BAYFIELD COUNTY, Wis. – Deer hunting in Wisconsin is an important part of country life. Deer are a source of food and are of great cultural significance to Native Americans in Wisconsin. They provide meat that many rural folks depend upon. They provide income for businesses catering to tourists who hunt or photograph deer. Business that process meat and hides, sell sporting goods, provide taxidermy or raise domestic deer benefit from the animals. Local and state governments collect sales tax, room tax and license fees generated from deer. It’s no surprise people are interested in the health of Wisconsin’s deer herd.

A major threat to Wisconsin’s deer herd is chronic wasting disease, first detected in Wisconsin almost 20 years ago. A prion disease caused by misfolded proteins, it’s 100 percent fatal to deer. It’s spread by prions shed from infected deer through bodily fluids or decomposition. Once in soil the prions remain infectious for years and are resistant to disinfectants. There is no known cure for chronic wasting disease; the only conclusive tests for it use tissues from dead deer.

Though chronic wasting disease has been detected in a majority of Wisconsin’s counties, it has not yet been detected in Bayfield County in far-northern Wisconsin. In an effort to keep the disease out of the deer population, the Bayfield County Communicable Disease in Cervids Study Committee was formed. The committee was charged with reporting and making recommendations to the county board.

“We are fortunate that we are still CWD-free and we want to remain that way,” said Fred Strand, a county supervisor who served as the committee’s chair.

Since it was detected the geographic spread of chronic wasting disease has greatly increased across the state. Studies show the disease will greatly diminish the population of deer. Health organizations like the Centers for Disease Control and Prevention in Atlanta recommend people not consume meat from animals infected with it. Deer harvested in areas where the disease exists should be tested prior to human consumption.

“If (chronic wasting disease) comes to the area fewer people will likely harvest deer because they won’t eat them,” Strand said. “Fewer people will hunt in the short term and there will be fewer deer in the long term.”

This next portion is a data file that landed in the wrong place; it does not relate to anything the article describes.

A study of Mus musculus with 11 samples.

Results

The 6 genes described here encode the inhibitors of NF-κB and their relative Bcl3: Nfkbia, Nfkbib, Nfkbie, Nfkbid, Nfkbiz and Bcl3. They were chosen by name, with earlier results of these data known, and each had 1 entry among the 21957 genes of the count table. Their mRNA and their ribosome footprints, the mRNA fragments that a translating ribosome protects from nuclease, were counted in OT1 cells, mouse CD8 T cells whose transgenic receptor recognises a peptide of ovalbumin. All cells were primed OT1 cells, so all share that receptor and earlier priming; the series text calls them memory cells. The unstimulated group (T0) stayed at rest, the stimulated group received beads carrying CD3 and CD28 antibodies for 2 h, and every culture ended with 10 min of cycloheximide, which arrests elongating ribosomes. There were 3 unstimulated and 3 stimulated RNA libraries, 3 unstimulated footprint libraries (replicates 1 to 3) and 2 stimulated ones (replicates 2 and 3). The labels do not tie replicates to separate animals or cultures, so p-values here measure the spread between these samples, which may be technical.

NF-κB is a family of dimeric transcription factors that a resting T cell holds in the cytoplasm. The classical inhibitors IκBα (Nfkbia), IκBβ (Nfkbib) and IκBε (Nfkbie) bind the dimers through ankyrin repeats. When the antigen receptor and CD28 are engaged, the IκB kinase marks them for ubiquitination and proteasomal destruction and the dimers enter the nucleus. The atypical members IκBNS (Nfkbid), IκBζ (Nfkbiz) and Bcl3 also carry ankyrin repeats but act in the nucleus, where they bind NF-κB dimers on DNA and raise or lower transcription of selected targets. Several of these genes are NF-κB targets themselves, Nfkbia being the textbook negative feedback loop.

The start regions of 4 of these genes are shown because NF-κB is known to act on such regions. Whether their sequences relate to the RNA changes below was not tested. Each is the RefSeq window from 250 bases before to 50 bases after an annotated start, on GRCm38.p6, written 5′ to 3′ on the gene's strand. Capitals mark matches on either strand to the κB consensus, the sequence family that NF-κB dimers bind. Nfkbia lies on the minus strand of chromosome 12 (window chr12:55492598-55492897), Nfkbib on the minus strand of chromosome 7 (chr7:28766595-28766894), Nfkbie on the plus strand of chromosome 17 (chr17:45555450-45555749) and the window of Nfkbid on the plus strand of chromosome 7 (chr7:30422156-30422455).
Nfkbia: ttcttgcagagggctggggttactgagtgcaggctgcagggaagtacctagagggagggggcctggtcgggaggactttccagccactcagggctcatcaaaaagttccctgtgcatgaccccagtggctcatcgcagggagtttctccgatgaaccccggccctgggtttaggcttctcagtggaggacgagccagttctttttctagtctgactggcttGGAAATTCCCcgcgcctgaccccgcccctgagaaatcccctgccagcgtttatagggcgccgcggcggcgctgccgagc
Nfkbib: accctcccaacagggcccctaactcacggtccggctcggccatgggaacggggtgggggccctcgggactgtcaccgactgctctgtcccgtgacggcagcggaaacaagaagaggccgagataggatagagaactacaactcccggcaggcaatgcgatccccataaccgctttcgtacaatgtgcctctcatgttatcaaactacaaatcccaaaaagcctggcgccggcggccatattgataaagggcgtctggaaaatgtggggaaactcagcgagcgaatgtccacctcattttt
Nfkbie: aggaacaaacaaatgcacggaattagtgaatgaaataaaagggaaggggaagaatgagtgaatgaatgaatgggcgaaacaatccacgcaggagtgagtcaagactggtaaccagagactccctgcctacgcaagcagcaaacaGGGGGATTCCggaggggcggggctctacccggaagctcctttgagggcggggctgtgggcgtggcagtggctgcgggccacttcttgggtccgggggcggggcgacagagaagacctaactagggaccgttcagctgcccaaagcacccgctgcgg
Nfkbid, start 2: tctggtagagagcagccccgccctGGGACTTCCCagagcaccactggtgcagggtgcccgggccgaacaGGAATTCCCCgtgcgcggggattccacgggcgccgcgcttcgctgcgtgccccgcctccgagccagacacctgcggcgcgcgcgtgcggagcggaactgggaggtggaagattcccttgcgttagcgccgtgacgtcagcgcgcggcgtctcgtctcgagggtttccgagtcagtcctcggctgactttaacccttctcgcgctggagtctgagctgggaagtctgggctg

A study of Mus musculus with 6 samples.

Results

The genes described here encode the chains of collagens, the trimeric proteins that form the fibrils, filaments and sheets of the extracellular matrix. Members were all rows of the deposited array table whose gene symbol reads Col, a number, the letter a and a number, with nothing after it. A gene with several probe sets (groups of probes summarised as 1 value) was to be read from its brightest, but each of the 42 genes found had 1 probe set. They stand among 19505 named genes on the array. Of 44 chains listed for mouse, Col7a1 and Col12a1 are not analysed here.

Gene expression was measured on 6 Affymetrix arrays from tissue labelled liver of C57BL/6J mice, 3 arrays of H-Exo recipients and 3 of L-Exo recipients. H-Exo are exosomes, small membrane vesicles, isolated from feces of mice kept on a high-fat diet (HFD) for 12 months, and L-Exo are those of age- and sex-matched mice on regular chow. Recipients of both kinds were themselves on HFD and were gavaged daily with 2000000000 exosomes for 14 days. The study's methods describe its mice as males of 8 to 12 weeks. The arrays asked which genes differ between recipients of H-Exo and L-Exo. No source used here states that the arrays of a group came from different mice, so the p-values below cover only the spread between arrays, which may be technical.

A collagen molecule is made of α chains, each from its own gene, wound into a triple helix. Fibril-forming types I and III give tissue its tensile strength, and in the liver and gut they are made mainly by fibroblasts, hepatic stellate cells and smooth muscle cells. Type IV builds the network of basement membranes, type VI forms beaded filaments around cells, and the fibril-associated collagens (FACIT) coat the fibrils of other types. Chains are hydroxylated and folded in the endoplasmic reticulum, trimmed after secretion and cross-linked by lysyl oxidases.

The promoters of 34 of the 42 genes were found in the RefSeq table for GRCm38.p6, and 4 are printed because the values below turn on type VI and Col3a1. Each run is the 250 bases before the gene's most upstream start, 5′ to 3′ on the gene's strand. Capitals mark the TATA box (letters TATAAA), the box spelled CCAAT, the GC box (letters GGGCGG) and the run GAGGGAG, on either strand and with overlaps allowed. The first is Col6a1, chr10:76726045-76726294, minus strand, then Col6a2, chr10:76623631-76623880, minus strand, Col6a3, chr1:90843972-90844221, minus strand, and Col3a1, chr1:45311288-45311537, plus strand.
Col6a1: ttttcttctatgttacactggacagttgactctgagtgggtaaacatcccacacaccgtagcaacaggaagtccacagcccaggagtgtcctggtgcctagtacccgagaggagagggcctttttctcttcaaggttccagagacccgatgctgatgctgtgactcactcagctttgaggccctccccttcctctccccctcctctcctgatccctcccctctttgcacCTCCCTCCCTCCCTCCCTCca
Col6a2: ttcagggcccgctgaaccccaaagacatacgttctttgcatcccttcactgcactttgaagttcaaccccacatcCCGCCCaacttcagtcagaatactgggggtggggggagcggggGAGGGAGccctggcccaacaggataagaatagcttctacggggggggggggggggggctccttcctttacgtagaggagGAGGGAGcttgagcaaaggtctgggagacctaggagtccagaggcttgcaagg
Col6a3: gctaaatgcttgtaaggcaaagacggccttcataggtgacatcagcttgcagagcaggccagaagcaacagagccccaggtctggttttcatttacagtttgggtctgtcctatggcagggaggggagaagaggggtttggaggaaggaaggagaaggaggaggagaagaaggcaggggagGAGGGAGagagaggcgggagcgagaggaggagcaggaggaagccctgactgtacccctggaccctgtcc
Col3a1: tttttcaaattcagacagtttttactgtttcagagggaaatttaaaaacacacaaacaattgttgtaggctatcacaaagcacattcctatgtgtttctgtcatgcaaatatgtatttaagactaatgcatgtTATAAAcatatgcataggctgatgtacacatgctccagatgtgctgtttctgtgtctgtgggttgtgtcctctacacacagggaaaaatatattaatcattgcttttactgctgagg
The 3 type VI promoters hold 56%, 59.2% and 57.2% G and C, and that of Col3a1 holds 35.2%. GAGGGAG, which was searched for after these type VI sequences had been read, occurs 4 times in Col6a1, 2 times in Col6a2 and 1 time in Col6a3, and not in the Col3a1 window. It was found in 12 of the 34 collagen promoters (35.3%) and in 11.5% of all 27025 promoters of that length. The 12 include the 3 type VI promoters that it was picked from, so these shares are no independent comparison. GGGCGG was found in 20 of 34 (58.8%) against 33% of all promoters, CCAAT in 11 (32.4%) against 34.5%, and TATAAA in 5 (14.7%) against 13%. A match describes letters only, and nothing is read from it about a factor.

Deer hunting is a tradition and part of the quality of life. Strand said Bayfield County has taken action on two fronts.

“One (front is) on things we can do,” he said. “Things we can encourage hunters and others to do to curb the spread of human-transmitted CWD. For example proper disposal of carcasses is clearly one of those. The county funded dumpsters for deer carcasses so the carcasses would go to landfills to be appropriately buried. We located the dumpsters where the (Wisconsin Department of Natural Resources) located deer CWD-test stations or kiosks.”

Those were publicized both online and with brochures.

“Through resolutions from the county board we let our elected officials, agencies and the governor know we wanted more regulations to keep CWD from spreading and that we wanted more research to be done to learn more about how CWD is transmitted and how transmission of CWD can be minimized,” he said of a second front.

Humans can transmit chronic wasting disease through game farms.

“We took action with one change to existing game farms that now report movement of deer into the county to Bayfield County as well as to the state,” Strand said. “New deer farms will need a county permit.”

Hunters and wildlife enthusiasts in Bayfield County hope the deer there remain healthy and plentiful. The actions of the Bayfield County Board and the Cervids Study Committee are working to make that hope a reality.

Visit www.bayfieldcounty.org and search for “Cervids” for more information regarding the committee’s report.

Visit www.bayfieldcounty.org and search for “CWD” for more information.

Jason Maloney is an “elderly” farm boy from Marinette County, Wisconsin. He’s a retired educator, a retired soldier and a lifelong Wisconsin resident. He lives on the shore of Lake Superior with his wife, Cindy Dillenschneider, and Red, a sturdy loyal Australian Shepherd.